Idaho ballot proposal would lower sales tax, cut exemptions

The League of Women Voters of Idaho is launching a ballot initiative drive to lower Idaho's sales tax from 6 percent to 5 percent, while eliminating an array of exemptions and expanding the tax to cover most services - which would have the result of raising $424 million more a year that could be spent on schools.

If the measure makes the 2016 ballot, it'd give voters a chance to restructure Idaho's exemption-riddled sales tax system, which now exempts more in sales than the tax raises. But the League could have a tough sell in expanding the sales tax to services ranging from construction to legal advice to haircuts, and big-money interests may fight the loss of their existing exemptions.

“I applaud them – I think their heart is clearly in the right place here in terms of making a fair tax structure, but I think it’s going to be a really hard sell,” said Boise State University political scientist emeritus Gary Moncrief, an expert on elections and initiatives.

Idaho’s 6 percent sales tax currently raises about $1.5 billion a year in gross collections, according to the state Division of Financial Management; while the amount of exemptions, including existing exemptions for services, is tallied at more than $2 billion.“We’ve had a lot of trouble in this state getting exemptions closed in the past,” Moncrief said.

Repeated attempts by the state Legislature over the years to review existing sales tax exemptions have all failed; instead, lawmakers have continued to enact new ones each year. “Now, going to an initiative is certainly a much better way than going to the Legislature – there’s no way this is getting through the Legislature,” Moncrief said. “But they’re obviously going to be fought hard on that by a lot of pretty heavily monied interests in the state. And one of the things we know about initiatives is that money works best when it’s trying to defeat an initiative.”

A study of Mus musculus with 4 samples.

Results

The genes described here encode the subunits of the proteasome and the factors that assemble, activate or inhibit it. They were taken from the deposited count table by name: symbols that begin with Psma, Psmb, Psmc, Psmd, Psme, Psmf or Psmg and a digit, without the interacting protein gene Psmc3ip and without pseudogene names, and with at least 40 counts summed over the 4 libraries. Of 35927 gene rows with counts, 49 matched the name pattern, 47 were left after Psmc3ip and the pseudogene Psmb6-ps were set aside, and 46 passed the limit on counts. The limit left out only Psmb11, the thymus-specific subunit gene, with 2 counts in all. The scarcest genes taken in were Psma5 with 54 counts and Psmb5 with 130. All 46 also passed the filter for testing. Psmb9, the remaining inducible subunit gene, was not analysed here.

The League’s initiative, entitled “Fair Share Idaho,” would eliminate 22 current sales tax exemptions on July 1, 2017, and subject 12 services to sales taxes. Targeted exemptions range from sales of funeral caskets, which would generate $1.6 million a year in sales taxes; to Idaho National Laboratory research and development purchases, at $6.2 million a year.

Others include goods purchased by contractors to install into real property in non-taxing states, $5.1 million; research and development equipment, $7.2 million; interstate trucks, $8.6 million; and remotely accessed digital media, $8.5 million. The initiative also would remove the sales tax exemption for lottery tickets; apply the tax to construction labor; and impose it on vending machine sales, auto manufacturer rebates and purchases by senior centers.

The biggest dollar amounts come from services that would be newly subject to the sales tax, including transportation of freight and passengers, $47 million; information services, $83.5 million; repairs, $48.2 million; professional services, including legal, accounting, architectural and consulting services, $254.4 million; and business services, $133.1 million.

Idaho already taxes some categories of services, including lodging, recreation, admissions, restaurant meals and printing. “Our members said sales tax exemptions for basic human needs should be protected,” said Betsy McBride, state advocacy chair for the League. Left untouched were sales tax exemptions for medical care, churches, home heating, and education.

“If they have an accountant or a personal massage therapist, there will be new sales tax,” McBride said. “But for the average Idaho family who spends most of their money on groceries, and shoes for their kids, and hamburgers, their tax is going to be lower.” You can read my full story here at spokesman.com; there’s more info here on the League’s initiative, including a full list of the targeted exemptions.



Betsy Z. Russell
Betsy Z. Russell joined The Spokesman-Review in 1991. She currently is a reporter in the Boise Bureau covering Idaho state government and politics, and other news from Idaho's state capital.